Senators Question National Guard Sponsorship

Dale Earnhardt Jr.

Two Senators questioned the National Guard in a hearing Thursday about its sponsorship in NASCAR and IndyCar. (Photo: Getty Images)

Sen. Claire McCaskill, D-Mo., questioned the Army National Guard’s sponsorship in NASCAR and IndyCar during a subcommittee hearing Thursday afternoon, and the official overseeing those programs said he planned to evaluate them.

The National Guard will sponsor Dale Earnhardt Jr. for 20 Sprint Cup races this season. Military contacts are done on a yearly basis. Sen. McCaskill said that the National Guard’s budget for NASCAR amounts to $32 million from a sports marketing budget of more than $56 million. The National Guard does not differentiate between what goes to the team and what goes toward activation. 

No decision has been set by the National Guard for next season.

“I will be ... reviewing all these programs in the next, probably, month,’’ Maj. Gen. Judd Lyons, acting director, Army National Guard, said during the hearing.

USA Today, citing data provided to it, reported that the National Guard spent $26.5 million to sponsor NASCAR racing in 2012 but failed to sign a single new soldier. An official with the National Guard Association questioned those numbers at the time but also added: “I don't think anybody has the right numbers.’’

Wednesday's USA Today story also states that even though the National Guard spent $88 million in NASCAR sponsorship from 2011-13, it is unclear how many new recruits, if any, signed because of the sponsorship. 

At one point during the hour-long hearing Sen. McCaskill said: “I don’t understand ... how you can justify the fact that nobody is getting recruited from the NASCAR. The facts speak for themselves. the data is very clear. You’re not getting recruits off NASCAR. This is data you gave us. The reason we know is this because you told us.’’

Said Maj. Gen. Lyons: “I’m trying to analyze these programs for exactly the reasons that you’re saying. Are they achieving the intended affect? Are they the best use of our our taxpayer dollars? Is that the right thing to be doing? These are things I’m considering as the acting director as a path forward.’’

A May 2013 report by Alan Newman Research of Richmond, Va., found that 90 percent of National Guard soldiers who enlisted or re-enlisted since 2007 were exposed to the Guard through recruiting or retention materials featuring NASCAR cars and/or drivers.

Sen. Ron Johnson, R-Wis., also questioned the National Guard’s ability to measure the effectiveness of sports sponsorship toward recruiting.

“I’m interested in evaluating these programs,’’ said Maj. Gen. Lyons, who has been acting director, Army National Guard since January. “I would like to know what are good metrics to use to measure the effectiveness of sports sponsorships programs. That’s what I’m focused on.’’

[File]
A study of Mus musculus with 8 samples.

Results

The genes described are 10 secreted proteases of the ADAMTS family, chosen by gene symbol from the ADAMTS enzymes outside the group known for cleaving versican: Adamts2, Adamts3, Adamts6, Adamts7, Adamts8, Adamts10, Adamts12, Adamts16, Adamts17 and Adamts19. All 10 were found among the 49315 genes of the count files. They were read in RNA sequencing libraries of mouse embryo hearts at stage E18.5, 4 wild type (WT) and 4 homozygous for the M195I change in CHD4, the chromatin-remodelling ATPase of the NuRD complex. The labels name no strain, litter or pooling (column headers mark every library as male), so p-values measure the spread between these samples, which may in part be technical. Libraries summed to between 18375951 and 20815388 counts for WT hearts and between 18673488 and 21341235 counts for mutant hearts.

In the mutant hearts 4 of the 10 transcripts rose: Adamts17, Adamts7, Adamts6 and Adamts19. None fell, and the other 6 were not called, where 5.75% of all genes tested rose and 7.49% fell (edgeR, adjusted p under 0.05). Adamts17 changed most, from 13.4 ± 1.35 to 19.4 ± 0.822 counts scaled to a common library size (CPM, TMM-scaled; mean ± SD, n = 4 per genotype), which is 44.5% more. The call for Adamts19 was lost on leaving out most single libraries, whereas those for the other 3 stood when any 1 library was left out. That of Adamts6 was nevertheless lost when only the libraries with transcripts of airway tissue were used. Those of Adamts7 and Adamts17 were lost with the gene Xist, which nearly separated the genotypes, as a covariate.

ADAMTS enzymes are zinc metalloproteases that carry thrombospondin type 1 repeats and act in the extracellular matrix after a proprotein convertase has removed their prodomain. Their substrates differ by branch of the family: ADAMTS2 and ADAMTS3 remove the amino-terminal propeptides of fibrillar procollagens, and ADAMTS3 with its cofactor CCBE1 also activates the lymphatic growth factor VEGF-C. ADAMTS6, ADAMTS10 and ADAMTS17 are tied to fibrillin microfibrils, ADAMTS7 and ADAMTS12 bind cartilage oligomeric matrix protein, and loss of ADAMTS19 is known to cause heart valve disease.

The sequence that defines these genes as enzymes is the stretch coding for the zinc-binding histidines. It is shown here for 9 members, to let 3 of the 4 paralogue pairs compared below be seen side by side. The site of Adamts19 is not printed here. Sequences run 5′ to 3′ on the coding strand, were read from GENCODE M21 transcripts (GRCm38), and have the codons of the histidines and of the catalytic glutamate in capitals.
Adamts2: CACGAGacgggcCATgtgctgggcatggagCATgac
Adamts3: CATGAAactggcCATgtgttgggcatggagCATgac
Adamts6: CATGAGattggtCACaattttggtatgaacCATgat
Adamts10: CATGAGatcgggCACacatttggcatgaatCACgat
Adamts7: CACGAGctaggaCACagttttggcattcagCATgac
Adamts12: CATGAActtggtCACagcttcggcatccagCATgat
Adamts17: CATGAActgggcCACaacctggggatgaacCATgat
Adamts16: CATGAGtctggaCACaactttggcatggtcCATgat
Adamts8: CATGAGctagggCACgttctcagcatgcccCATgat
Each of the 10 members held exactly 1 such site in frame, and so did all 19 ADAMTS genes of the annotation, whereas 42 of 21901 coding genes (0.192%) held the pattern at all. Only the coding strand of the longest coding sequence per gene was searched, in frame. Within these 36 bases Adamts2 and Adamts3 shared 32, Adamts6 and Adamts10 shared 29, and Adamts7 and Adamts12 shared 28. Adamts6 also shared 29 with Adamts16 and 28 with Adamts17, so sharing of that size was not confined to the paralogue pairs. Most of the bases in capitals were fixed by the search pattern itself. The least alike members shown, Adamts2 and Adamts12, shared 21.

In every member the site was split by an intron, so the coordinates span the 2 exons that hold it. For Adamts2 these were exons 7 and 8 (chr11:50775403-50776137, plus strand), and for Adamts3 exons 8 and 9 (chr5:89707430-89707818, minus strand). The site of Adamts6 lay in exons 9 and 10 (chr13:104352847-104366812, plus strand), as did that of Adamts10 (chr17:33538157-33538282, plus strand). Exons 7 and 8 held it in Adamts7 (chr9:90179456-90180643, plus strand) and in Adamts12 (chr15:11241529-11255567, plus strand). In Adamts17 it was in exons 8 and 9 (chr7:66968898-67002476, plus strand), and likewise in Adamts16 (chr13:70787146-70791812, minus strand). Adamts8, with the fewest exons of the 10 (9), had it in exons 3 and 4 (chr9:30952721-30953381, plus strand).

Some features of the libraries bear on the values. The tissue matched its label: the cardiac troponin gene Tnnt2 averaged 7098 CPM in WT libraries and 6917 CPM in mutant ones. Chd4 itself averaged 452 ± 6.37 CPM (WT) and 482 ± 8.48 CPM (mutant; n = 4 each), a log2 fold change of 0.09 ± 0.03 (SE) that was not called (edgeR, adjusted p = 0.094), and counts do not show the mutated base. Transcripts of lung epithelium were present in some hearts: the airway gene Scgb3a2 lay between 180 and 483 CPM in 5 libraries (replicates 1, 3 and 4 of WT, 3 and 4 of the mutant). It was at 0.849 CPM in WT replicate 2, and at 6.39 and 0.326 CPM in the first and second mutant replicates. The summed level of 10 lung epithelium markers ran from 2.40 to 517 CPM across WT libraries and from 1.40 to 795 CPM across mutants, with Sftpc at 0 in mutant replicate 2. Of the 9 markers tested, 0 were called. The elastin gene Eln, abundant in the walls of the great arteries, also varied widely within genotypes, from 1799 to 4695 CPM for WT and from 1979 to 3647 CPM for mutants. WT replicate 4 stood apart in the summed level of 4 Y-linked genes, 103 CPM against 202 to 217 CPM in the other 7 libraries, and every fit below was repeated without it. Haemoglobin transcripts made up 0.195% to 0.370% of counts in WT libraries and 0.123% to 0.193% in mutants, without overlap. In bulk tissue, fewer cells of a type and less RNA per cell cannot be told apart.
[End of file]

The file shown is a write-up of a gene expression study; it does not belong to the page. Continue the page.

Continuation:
Said Sen. Johnson: “I’m not seeing any of the briefing material here in terms of anything I can look at to evaluate the effectiveness of this.” 

Maj. Gen. Lyons said: “In terms of trying to tie the awareness of the Guard through these branding programs directly to an individual’s decision to enlist is elusive and I share your frustration with that on how we get at that to assess the effectiveness of those two programs.’’

Such questioning is not new. Military sports sponsorships have come under scrutiny in recent years in Washington.

The U.S. House of Representatives defeated an amendment to limit military sports sponsorships 281-148 in Feb. 2011 and 260-167 in July 2011. The House voted 216-202 against such legislation in 2012 and voted 289-134 against last June.

Sen. McCaskill opened Thursday’s hearing by saying “I like NASCAR. This hearing is not about demonizing NASCAR or the National Guard. This hearing is simply about return on investment of federal tax dollars, whether or not federal money is being used wisely for the intended purpose and getting the result desired as a result of that investment.’’

Sen. McCaskill noted that the Army, Navy, Coast Guard and Marine Corps no longer serve as a sponsor in NASCAR. The Air Force and National Guard remain in the sport.

Sen. McCaskill questioned why the National Guard will remain in NASCAR when the Army left the sport after the 2012 season.

“Because you guys don’t have as much money as the Army to market,’’ Sen. McCaskill said, “... it’s interesting to me that another branch of the military with more money that finds sponsoring NASCAR is not cost effective but no one at the Guard would then look to see maybe we should look at their analysis.’’

NASCAR noted that last season was the sport's best season for sponsor growth since 2007. NASCAR also notes that Camping World signed an extension to sponsor the Truck Series and that some companies - Great Clips, 5-hour ENERGY and Mars - have stated that they are receiving return on their investment in the sport.

Joyce Julius and Associates reported that through last month's Southern 500 Earnhardt had given his sponsors an estimated $45 million in TV exposure based on time those companies appeared on screen.